It's not a supernova. Nor is it a galaxy, or a black hole.
In fact, astronomers have no idea what the mysterious object that in February 2006 suddenly flared up in an otherwise barren patch of sky might be, or even what it's made of.
Researchers working on something called the Supernova Cosmology Project had pointed the Hubble Space Telescope at a very distant star cluster, 8.2 billion light-years away or more than halfway across the universe.
But they noticed something else — a point of light where there hadn't been one before.
Over the next three months, the object got brighter and brighter until it was 120 times its initial luminosity.
Then it slowly got dimmer again, at about the same rate, until by the end of the year it was gone.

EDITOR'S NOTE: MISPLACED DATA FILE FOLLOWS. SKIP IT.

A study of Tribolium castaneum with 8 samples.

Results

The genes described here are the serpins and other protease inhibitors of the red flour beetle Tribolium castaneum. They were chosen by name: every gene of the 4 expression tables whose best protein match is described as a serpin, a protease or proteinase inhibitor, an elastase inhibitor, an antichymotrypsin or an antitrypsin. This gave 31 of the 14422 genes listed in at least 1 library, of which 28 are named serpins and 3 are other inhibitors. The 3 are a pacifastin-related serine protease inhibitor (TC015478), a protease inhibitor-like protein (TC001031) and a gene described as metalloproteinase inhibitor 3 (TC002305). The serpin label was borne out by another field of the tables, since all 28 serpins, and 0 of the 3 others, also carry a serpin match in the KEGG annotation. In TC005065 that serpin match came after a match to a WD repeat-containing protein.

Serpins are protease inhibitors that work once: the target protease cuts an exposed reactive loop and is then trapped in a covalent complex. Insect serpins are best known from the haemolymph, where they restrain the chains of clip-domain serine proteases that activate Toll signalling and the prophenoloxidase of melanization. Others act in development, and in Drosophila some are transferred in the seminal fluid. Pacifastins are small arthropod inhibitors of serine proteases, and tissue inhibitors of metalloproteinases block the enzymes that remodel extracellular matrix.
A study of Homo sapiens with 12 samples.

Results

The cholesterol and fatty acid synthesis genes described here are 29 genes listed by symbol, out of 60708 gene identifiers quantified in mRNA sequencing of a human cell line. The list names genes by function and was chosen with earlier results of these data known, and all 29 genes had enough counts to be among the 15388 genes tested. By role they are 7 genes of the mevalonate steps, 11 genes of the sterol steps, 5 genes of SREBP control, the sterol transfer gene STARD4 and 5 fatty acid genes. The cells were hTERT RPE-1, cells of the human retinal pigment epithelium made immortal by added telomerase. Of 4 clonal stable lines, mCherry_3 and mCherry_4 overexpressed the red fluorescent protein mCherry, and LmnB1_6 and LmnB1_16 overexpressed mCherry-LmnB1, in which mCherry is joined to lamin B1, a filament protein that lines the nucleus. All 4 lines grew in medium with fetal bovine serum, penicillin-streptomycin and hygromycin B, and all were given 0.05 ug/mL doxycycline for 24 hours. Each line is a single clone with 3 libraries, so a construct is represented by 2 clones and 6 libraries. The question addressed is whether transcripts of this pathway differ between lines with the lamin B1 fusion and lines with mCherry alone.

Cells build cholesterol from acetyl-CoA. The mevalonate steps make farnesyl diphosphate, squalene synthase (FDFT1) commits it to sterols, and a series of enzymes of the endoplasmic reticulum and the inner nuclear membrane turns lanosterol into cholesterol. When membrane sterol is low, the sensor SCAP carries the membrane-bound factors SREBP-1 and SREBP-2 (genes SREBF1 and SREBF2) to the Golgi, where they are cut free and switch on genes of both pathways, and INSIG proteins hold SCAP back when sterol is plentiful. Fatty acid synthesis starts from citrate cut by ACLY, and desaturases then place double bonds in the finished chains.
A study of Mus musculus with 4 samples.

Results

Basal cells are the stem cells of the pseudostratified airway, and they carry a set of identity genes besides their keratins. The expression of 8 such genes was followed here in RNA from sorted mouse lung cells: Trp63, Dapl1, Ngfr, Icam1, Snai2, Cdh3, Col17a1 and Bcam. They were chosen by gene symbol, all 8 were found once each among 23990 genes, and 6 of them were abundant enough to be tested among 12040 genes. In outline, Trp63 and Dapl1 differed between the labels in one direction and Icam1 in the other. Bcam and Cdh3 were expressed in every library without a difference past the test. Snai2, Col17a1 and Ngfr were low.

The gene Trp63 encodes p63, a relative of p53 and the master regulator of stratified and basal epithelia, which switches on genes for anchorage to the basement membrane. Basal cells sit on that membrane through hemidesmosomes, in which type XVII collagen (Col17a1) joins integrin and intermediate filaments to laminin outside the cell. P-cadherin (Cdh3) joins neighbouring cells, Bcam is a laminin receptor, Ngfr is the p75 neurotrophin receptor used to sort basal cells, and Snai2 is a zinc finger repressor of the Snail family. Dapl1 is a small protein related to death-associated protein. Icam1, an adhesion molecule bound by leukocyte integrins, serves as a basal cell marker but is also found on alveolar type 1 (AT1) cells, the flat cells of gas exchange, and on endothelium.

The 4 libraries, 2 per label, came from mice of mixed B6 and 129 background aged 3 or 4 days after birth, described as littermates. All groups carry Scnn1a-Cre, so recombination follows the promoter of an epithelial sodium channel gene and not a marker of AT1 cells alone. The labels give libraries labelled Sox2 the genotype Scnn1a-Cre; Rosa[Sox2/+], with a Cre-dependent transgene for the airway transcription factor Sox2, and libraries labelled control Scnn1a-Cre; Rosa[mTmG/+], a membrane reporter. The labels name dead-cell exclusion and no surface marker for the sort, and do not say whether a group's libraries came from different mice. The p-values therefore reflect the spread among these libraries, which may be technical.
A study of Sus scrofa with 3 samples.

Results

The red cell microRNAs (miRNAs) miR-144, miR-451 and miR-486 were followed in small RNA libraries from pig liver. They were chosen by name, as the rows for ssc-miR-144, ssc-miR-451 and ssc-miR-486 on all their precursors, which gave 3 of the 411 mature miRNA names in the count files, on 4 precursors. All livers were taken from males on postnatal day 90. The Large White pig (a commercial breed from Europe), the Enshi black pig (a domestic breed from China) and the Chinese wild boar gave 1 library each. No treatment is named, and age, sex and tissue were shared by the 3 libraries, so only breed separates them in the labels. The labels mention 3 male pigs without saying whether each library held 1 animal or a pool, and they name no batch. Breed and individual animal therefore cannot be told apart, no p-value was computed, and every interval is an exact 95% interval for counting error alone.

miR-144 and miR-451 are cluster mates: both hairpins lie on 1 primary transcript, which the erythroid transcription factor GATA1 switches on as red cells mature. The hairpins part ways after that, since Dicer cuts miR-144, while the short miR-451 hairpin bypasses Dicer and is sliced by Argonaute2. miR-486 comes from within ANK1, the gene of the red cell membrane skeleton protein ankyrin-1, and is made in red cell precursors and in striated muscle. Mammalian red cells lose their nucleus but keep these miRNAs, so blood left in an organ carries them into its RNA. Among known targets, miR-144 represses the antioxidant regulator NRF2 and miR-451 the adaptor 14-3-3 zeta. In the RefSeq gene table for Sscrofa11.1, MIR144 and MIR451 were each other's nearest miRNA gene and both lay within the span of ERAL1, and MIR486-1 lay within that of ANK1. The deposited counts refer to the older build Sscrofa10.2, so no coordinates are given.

Astronomers led by U.C. Berkeley astrophysics grad student Kyle Barbary put the light coming from it through a mass spectrometer to see what it was made of — but couldn't get signatures for any known elements.
"Because we can't see anything we recognize in the spectrum, we can't tell if it's even in [our] galaxy or in another galaxy," Barbary told New Scientist magazine in an article posted Tuesday morning.
It's not a supernova, which would have flared up much more quickly, then died out even more quickly.
All the scientists know is that it's no closer to Earth than 130 light-years away — and no further than 11 billion light-years away.
As Sky and Telescope magazine noted last week, "that leaves a lot of leeway."
"We are hoping someone else might have seen something similar," Barbary told New Scientist, "or might be able to shed some light on it."